Interviews


Sidney Poitier


Occupation: Actor, Director, Producer, Ambassador
Date of Birth: February 20, 1927
Place of Birth: Miami, Fla., USA
Sign: Sun in Pisces, Moon in Libra
Relations: Father: Reginald James Poitier (tomato farmer); mother: Evelyn Poitier (nee Qutten); brother: Cyril; wife: Joanna Shimkus (actress); ex-wife: Juanita Hardy (dancer); daughters: Beverly, Pamela, Sherri, and Gina (with Hardy); Anika and Sydney Tamiia (with Shimkus)
Education: Only two years of formal schooling

 

SIDNEY POITIER was born prematurely in Miami, where his parents made a regular voyage from the Bahamas to sell their crop of tomatoes. The infant weighed only three pounds; his dejected father went to look for a shoebox in which to bury the child. Miraculously, Poitier survived  his birth served as a fitting tableau for a lifetime of shattering the odds against him. His career has been not only a trailblazing example for the black actors who have followed him, but a beacon in Hollywood against racism. As Vincent Canby of The New York Times said: "Poitier does not make movies, he makes milestones."

The youngest of eight siblings, Poitier was raised on Cat Island and Nassau, in the Bahamas. He dropped out of school at age thirteen (he had only gone one and one half years) to work full-time to help support the family. At sixteen, after living for a year with his brother in Miami, Poitier arrived in New York City with only three dollars in his pocket. For food and shelter, he lied about his age to get into the Army and served a short stint before finding himself back in New York washing dishes. While looking for a second job, Poitier saw an ad scouting for actors. Barely literate, with no acting experience, he auditioned for the American Negro Theatre and was laughed off the stage. Six months later he returned better prepared, and landed a role in Days of Our Youth. Poitier did ten more plays with the company before winning a role in No Way Out, his feature-film debut.

In the '50s and '60s, Poitier embarked on a streak of cinematic firsts for black actors. He was the first black actor to be nominated for a Best Actor Academy Award, for The Defiant Ones, in 1958, and the first to win the Best Actor nod, for Lilies on the Field, in 1963. In 1968, Poitier became the first black No. 1 box-office star with his role in 1967's Guess Who's Coming to Dinner. Poitier's characters had a common thread: they were intelligent, rational men  non-threatening to whites but exhibiting a quiet dignity and controlled anger. In In the Heat of the Night, when Rod Steiger's redneck sheriff asks Poitier's Virgil Tibbs, "What do they call you, boy?" he responds, "They call me Mr. Tibbs." It became one of Poitier's most celebrated lines, a quiet demand for respect that reverberated throughout filmdom. Some have argued that Poitier was perfectly tailored to become the first major black film star because he seemed devoid of any menace  indeed, one critic called him a "chocolate-dipped Mary Poppins."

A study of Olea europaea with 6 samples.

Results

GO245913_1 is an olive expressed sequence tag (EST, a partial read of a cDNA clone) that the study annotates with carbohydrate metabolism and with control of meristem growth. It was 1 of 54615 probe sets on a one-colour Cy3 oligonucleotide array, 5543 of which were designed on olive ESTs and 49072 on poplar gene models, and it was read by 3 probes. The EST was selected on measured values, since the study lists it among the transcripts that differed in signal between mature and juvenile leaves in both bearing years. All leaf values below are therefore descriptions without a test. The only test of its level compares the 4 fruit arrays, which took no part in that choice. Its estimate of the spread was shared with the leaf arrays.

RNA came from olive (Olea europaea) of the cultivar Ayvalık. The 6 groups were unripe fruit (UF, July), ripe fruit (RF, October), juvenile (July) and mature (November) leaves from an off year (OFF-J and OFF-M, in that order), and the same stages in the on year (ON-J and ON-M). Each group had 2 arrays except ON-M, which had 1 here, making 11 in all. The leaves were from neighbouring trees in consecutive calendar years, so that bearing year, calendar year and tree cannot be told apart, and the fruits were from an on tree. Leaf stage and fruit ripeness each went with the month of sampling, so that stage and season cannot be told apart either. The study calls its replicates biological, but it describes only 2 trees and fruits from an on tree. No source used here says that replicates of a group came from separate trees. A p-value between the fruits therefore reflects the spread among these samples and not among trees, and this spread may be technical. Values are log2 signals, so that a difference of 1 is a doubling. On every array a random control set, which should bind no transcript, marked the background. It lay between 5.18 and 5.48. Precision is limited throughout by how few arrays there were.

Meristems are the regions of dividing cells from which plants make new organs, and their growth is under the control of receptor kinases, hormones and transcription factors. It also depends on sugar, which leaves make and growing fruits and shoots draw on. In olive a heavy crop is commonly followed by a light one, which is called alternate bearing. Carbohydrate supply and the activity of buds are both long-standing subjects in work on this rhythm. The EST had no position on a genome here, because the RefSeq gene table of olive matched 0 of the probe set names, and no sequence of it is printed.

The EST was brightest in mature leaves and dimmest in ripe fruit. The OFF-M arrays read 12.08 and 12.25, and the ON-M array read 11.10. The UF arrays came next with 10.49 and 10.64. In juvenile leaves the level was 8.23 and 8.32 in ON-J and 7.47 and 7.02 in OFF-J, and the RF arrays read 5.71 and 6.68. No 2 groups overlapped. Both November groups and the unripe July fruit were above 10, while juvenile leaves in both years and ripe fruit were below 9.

When he was still at the height of his success as an actor, Poitier turned his skills to directing. His first film, Buck and Preacher, starred Harry Belafonte, for whom he had understudied during his days with the American Negro Theatre. He went on to direct several comedies, including Uptown Saturday Night and Let's Do It Again with Bill Cosby, and Stir Crazy with Richard Pryor and Gene Wilder. After a long hiatus from acting, Poitier returned in the late eighties with a pair of fine thrillers, Shoot To Kill and Little Nikita.

While Poitier's career was a door-opener for many, he prefers that the door to his personal life remain closed. He has six daughters by two wives, and he keeps the press largely restricted to the promotion of his work. He is modest about the importance of his career: "I've been extremely fortunate in that I've been a party to some very interesting films. I don't deny that I've brought something to them. But once the magic is made, one has to keep an eye on all the component elements, not just the corner that might shine the brightest." Now in his seventies, Poitier's roles finally match the stature he has attained. He portrayed Nelson Mandela in the made-for-TV movie Mandela & DeKlerk, and in April of 1997, he was appointed to the real-life role of ambassador to Japan for the Bahamas.